A problem audiences often have with fiction is how the characters act in stupid and blind-sighted ways. This is nearly always because the writer was either not clever enough to set the story up properly to get the characters on the path (s)he wanted, or just didn’t stop to think about how obvious it was the characters are acting in unrealistic ways. It’s an extremely common audience complaint in horror fiction. How many have heard the joke about “hey guys, let’s split up!” Or the other one that goes “no, we should check out the (dark basement / moonless forest / abandoned house / etc…) now and not wait for morning.”
Event Horizon is a movie that disturbed me on many levels. Many. I saw it in the theaters. When it was over, people asked me what I thought. I said it was a pretty good movie, and I was never seeing it again. I haven’t. It’s been the better part of two decades and I’ve not once watched it again.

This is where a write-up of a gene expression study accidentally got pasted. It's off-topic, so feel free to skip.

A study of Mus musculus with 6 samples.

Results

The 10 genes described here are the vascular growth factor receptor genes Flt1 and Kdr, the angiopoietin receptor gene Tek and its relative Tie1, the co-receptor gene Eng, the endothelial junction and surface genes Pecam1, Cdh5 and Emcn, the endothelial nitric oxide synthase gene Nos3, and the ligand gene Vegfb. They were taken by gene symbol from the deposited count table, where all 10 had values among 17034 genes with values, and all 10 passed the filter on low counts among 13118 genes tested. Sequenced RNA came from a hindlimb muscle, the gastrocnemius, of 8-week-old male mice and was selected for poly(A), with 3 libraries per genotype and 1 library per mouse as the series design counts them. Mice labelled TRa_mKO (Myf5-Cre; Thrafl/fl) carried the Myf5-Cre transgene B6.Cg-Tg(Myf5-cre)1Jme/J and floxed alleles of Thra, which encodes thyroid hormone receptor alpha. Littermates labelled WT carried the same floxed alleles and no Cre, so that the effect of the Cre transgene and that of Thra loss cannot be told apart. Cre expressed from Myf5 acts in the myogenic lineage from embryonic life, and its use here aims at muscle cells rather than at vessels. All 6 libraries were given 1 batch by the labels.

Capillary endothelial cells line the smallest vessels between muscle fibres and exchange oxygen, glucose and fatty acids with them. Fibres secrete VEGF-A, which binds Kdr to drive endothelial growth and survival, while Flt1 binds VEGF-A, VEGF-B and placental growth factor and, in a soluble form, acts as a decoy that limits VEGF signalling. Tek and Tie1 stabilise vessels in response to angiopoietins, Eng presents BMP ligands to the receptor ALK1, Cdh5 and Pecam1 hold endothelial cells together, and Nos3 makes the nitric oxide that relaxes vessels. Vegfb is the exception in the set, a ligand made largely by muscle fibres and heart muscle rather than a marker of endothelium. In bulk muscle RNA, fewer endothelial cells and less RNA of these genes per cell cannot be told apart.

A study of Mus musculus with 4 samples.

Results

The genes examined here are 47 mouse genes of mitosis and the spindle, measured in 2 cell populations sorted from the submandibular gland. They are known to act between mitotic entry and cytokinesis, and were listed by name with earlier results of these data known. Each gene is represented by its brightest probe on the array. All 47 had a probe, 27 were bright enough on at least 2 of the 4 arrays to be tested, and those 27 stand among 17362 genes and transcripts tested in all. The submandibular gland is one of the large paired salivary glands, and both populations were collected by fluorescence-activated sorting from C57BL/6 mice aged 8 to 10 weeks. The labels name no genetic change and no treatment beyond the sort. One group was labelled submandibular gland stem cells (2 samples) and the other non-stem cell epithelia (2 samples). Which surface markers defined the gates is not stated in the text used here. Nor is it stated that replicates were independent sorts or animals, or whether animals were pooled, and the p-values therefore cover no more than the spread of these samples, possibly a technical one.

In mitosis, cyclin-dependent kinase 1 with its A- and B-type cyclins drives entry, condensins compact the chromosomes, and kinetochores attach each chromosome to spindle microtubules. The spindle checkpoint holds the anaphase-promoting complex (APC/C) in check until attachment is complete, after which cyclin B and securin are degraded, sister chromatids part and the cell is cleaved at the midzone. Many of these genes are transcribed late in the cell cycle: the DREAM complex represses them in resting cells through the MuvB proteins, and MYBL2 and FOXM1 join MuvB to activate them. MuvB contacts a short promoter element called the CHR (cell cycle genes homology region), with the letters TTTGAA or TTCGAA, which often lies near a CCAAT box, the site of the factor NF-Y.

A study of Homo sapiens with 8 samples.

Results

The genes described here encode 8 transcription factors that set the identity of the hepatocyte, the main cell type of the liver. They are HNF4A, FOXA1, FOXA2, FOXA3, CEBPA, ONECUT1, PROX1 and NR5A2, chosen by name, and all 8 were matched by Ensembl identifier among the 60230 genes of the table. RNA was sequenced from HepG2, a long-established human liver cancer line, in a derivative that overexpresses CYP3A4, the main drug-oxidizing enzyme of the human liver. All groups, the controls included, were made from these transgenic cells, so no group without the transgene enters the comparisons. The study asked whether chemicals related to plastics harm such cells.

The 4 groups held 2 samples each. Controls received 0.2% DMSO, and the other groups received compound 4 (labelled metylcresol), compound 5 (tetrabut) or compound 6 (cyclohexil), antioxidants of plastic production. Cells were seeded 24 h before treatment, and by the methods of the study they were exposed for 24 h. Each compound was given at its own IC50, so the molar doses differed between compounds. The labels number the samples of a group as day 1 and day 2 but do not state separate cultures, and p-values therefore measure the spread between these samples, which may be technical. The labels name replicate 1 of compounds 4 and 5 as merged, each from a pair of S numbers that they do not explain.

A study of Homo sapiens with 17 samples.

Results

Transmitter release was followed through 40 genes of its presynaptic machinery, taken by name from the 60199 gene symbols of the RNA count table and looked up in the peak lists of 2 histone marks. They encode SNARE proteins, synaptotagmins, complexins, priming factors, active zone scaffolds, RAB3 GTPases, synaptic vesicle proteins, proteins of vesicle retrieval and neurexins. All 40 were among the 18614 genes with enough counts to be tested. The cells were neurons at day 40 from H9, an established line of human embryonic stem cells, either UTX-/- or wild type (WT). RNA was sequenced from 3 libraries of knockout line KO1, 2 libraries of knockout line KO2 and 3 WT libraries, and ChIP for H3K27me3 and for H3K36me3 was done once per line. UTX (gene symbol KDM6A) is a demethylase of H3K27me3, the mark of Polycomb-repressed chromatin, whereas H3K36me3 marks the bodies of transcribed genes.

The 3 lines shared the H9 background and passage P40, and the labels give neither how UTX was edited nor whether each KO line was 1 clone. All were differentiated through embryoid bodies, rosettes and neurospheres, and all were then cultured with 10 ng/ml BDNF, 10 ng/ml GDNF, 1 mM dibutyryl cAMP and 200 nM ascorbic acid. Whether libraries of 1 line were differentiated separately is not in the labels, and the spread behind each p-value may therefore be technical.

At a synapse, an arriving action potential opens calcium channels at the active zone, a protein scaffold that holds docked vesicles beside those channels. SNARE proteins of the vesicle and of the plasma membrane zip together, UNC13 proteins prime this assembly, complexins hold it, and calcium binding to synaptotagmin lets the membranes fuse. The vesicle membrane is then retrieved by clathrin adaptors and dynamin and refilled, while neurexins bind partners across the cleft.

But I have never forgotten this gem from it, because we need more clever writing that uses the right thing, rather than the forced one, to advance a story. If you’re squeamish like me, use this link instead it to jump to time-code 0:49, to skip the setup. All you really need to know is that they’re watching what happened on this derelict spaceship they’ve found, as recorded by the shipboard cameras; and it’s a horror show of bad. Real bad. As in oh-my-God bad. Things that would make Freddie Kruger go “hey, man, like, seriously, okay?”
Probably my single favorite Lawrence Fishburne moment ever.